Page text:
As the curtain was raised on the United Nations Climate Change Conference in Bali, Indonesia, today, Secretary-General Ban Ki-moon urged leaders to create a global framework to promote green economics and development.
Writing an Op-Ed in The Washington Post today, the Secretary-General said the Bali Conference is an opportunity for leaders to establish a road map for the future and agree on a timeline to conclude a successor agreement to the Kyoto Protocol – set to expire in 2012 – by next year so that it can enter into force in 2013.
“Handled correctly, our fight against global warming could set the stage for an eco-friendly transformation of the global economy – one that spurs growth and development rather than crimps it, as many nations fear.”
Like the Industrial Revolution, the technology revolution and the modern era of globalization, the Secretary-General observed that the world is on the cusp of a new age of green economics.
Scientists report that human activities are driving climate change, but “largely lost in the debate is the good news,” he noted, citing examples including Brazil, which derives some 44 per cent of its energy from renewable fuels – compared to the 13 per cent global average.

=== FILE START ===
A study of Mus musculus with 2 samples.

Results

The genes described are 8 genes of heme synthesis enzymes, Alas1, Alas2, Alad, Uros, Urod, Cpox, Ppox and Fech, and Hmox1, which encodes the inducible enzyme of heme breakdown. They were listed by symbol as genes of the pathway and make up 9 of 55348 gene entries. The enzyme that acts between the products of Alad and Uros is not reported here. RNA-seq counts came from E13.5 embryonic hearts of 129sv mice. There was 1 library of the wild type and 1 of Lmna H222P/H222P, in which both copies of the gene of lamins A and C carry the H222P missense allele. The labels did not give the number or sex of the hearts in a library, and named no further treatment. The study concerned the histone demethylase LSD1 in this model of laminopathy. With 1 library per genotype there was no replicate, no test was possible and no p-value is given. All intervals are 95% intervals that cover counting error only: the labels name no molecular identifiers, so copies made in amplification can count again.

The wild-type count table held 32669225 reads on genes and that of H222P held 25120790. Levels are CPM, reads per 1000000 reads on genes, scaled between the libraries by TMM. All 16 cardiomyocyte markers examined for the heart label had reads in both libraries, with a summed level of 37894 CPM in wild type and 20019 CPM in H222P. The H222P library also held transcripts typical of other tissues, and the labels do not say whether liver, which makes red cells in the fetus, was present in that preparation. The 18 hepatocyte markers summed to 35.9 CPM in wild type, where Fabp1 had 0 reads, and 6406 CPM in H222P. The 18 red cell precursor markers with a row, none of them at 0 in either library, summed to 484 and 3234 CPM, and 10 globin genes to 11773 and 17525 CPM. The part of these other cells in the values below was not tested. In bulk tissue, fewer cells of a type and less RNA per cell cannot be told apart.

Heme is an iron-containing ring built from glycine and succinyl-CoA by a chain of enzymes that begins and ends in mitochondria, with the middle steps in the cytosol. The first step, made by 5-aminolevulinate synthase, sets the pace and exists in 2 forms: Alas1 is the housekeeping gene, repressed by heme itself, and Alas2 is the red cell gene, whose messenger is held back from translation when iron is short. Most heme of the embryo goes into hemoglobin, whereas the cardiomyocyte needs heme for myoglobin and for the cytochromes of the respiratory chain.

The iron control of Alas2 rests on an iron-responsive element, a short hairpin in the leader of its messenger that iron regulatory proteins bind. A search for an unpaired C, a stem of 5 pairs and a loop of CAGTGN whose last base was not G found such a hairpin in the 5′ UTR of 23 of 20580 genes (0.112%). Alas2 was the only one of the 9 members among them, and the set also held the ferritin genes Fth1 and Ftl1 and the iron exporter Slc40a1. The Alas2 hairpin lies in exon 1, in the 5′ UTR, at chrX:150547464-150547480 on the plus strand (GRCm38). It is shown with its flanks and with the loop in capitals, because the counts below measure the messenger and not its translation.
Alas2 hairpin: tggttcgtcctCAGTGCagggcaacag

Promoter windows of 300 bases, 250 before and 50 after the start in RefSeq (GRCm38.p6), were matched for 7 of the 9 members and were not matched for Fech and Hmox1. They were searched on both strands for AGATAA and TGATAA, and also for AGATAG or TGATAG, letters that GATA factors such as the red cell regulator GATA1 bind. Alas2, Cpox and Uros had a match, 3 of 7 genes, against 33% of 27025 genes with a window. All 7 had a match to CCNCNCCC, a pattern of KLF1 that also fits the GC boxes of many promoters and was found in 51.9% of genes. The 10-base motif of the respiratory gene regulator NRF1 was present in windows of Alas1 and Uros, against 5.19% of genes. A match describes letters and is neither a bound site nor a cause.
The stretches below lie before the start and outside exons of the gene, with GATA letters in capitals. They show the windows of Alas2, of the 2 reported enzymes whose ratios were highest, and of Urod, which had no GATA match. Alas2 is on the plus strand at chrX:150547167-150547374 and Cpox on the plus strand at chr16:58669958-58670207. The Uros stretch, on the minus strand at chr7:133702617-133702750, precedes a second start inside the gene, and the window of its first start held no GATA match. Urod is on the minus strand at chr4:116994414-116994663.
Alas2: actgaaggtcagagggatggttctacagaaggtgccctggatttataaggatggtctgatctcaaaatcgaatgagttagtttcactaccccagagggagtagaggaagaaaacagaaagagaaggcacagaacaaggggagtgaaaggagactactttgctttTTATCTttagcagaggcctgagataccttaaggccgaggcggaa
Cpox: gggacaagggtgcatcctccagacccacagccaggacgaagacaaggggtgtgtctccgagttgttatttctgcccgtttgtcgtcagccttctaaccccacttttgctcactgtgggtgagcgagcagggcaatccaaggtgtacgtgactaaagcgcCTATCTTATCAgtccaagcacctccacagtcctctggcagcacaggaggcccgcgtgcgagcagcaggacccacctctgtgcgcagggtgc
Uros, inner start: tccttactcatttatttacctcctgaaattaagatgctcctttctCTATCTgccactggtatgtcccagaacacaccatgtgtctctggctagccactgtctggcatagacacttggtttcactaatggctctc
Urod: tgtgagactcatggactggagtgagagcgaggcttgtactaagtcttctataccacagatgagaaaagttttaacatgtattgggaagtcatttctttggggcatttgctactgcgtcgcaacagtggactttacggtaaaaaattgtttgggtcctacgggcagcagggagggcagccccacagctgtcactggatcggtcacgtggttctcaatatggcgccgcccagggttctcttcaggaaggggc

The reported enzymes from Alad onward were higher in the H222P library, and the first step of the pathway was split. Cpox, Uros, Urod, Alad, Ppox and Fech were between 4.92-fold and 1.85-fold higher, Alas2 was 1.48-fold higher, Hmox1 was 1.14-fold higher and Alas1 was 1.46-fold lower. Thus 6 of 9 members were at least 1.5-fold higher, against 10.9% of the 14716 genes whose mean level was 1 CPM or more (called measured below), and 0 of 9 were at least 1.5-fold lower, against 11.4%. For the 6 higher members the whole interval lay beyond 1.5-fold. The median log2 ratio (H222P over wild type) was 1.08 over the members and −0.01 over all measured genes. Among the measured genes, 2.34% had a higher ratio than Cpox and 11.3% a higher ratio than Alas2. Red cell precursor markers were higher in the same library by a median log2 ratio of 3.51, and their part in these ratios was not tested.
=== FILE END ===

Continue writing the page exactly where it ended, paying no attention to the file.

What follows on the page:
Although China is frequently touted as the successor to the United States in being the world’s largest greenhouse gas emitter, the Secretary-General pointed out that the country is making strides to combat key environmental issues by investing $10 billion in renewable energy this year. Premier Wen Jiabao recently pledged to slash energy consumption by 20 per cent over five years.
Mr. Ban said that rather than suffer from a transition to a green economy, growth may in fact gain momentum through the creation of new jobs as investment in zero-greenhouse gas energy surges.
The UN Environment Programme (UNEP) has estimated that global investment in zero-greenhouse energy will reach $1.9 trillion by 2020 – a figure the Secretary-General called “seed money for a wholesale reconfiguration of global industry.”
The private sector requires ground rules and is calling for policies on climate change, including regulation, emissions caps and efficiency guidelines, he said.
“The scientists have done their job,” declared Mr. Ban, who is attending the Conference’s high-level segment next week. “Now it’s up to the politicians. Bali is a test of their leadership.”
Some 10,000 participants from 187 countries are expected to attend the two-week Conference.
Over the weekend, the Secretary-General spoke with the leaders of India and China on the issue, while last week, he conversed with the presidents of the Russian Federation, United States and Brazil, according to a UN spokesperson.